PALATKA, Fla. — The 2019 Bassmaster Elite Series features a roster of 17 rookies, a record for the sport’s most prestigious big bass fishing league. Not so coincidentally most of those anglers qualified through the Basspro.com Bassmaster Opens.
Expect impressive things to come from this rookie class for a reason. Recent changes in the format, schedule and even the fisheries were deliberately chosen for a reason.
“Our goal is getting the Opens anglers conditioned and well prepared for transitioning into the Elite Series,” explained Chris Bowes, senior tournament manager.
He continued, “Qualifying for the Elite Series is their goal, and enabling them to transition immediately to the highest level of the sport is our goal.”
That plan was rolled out last season. Three geographical divisions were consolidated into the current Eastern and Central divisions. A fourth event was added to each division, along with a championship, to bring the total tournaments to nine. The championship is similar in significance to the Toyota Bassmaster Angler of the Year Championship, where the point champion is declared. The Opens championship has an AOY champ too, along with solidifying invitations to the Elite Series.
As a result of all the above the bar is now raised higher than ever before. Getting into the Elite Series is now more rewarding, as it should be.
Discontinuing the “win and in invitation” to the Bassmaster Classic presented by DICK’S Sporting Goods was another move to up the stakes and skills required to get into the Elite Series.
“Making the Opens more competitive, where there are continued goals to make throughout the season, is the idea,” explained Bowes.
So is stretching out the locations this season spanning from New York to Florida for the Eastern division.
“The schedule gets them well groomed to what it takes for the travel at the Elite Series level,” Bowes added. “The schedule runs more north to south and with it, there are more diverse fisheries.”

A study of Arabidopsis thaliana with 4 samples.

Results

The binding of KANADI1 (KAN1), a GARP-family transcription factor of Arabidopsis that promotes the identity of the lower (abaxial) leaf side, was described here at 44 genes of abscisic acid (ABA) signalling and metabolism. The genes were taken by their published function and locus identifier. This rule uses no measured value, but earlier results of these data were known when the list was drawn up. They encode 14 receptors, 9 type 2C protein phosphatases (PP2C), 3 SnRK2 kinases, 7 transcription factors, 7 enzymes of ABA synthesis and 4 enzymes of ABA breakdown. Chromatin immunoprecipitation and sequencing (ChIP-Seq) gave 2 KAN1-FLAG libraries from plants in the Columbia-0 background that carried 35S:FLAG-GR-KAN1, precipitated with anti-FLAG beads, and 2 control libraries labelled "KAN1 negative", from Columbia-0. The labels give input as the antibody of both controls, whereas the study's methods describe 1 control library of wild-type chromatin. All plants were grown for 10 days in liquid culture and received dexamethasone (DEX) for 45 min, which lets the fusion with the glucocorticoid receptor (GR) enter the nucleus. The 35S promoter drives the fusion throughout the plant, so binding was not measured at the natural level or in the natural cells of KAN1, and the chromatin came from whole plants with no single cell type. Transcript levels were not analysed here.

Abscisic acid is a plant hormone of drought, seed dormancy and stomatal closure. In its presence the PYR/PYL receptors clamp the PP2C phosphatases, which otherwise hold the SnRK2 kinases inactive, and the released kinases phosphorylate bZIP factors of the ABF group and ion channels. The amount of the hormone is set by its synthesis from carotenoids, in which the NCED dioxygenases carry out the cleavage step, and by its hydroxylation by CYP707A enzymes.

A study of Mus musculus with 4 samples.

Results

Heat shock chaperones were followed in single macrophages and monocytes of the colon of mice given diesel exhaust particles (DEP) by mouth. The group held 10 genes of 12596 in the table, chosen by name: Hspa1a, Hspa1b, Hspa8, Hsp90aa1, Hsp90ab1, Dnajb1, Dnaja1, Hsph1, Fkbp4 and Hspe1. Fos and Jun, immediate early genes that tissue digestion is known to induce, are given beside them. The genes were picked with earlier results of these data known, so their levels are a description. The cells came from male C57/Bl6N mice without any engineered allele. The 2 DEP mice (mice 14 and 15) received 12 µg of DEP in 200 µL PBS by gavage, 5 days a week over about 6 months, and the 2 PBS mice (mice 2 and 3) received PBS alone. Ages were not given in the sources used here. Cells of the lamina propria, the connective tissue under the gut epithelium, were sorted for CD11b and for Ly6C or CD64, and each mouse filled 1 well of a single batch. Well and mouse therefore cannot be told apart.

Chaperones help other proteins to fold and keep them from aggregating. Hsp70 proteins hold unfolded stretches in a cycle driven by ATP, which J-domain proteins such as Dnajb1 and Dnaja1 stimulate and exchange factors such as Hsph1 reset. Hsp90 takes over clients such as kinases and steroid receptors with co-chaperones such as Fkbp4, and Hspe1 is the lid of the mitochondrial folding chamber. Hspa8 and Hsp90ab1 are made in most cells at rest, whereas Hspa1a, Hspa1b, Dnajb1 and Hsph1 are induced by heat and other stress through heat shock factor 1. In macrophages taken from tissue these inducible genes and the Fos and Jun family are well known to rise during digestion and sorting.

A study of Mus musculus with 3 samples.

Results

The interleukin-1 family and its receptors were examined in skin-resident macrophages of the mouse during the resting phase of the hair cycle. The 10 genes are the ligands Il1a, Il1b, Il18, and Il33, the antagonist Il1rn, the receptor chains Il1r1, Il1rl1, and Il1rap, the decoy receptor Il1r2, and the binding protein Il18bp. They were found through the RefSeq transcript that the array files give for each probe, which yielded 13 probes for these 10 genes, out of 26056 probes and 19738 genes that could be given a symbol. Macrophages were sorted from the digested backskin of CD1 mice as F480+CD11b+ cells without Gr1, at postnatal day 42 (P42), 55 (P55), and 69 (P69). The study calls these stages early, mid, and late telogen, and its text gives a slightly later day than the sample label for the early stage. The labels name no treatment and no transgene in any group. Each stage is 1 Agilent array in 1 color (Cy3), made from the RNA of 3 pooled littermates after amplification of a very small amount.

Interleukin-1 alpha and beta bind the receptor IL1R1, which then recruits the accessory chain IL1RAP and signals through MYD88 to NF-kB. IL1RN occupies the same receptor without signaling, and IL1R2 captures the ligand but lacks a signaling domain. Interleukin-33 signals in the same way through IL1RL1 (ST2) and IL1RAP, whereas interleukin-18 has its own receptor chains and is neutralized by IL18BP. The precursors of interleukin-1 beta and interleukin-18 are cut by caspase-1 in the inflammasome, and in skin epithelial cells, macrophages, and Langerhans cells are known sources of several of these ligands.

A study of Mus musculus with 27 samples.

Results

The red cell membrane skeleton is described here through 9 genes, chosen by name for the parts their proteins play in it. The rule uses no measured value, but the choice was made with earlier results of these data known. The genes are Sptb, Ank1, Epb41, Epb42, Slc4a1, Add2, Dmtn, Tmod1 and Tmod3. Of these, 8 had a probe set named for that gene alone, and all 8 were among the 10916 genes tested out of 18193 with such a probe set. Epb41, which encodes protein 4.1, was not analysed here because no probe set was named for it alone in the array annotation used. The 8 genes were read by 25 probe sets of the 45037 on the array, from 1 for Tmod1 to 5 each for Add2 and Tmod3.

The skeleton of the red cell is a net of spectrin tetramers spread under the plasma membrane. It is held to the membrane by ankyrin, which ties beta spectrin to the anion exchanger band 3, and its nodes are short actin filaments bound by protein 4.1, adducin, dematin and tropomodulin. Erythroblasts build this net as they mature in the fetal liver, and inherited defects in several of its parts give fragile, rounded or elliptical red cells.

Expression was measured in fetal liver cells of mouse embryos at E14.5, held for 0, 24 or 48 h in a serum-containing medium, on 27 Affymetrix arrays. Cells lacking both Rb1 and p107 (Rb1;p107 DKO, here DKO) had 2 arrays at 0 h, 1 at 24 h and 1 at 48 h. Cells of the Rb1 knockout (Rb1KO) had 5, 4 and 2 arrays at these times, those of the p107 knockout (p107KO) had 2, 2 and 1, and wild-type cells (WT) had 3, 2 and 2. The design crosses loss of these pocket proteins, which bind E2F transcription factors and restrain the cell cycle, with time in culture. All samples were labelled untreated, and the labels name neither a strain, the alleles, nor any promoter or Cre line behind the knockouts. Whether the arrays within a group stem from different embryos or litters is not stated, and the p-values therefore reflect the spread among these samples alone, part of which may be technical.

That held true in 2018. The tidal James River, the largemouth and smallmouth loaded Lake Champlain, and the Florida bass rich Kissimmee Chain of Lakes added variety, challenges and opportunities along the way.
Greg DiPalma knows better than most just how well prepared the Opens can prepare anglers for the next level. He qualified in 2006 but was unable to sign. He kept trying, coming close from 2014-16, then finally got in last season.
“I will tell you something about the Opens that is fact, and that is there is no competition like it at that level,” he said. “If you want to step up your game then you’ve got to go through the Opens.”
Derek Hudnall is another rookie who came close in more than one try. His lesson learned is the stage provided by the Opens to develop the marketing skills necessary for gaining sponsorships.
“You’ve got to be good at the business side of the sport and that begins at the Opens,” said Hudnall. “The Opens gave me the opportunity to define my brand and set the stage for me to demonstrate that to my partners.”
“I’m really proud of our guys that are part of the strongest rookie class we’ve ever had in the Elite Series,” said Bowes. “They now very well versed in what it takes to compete at this level, and I expect great things to come from them all.”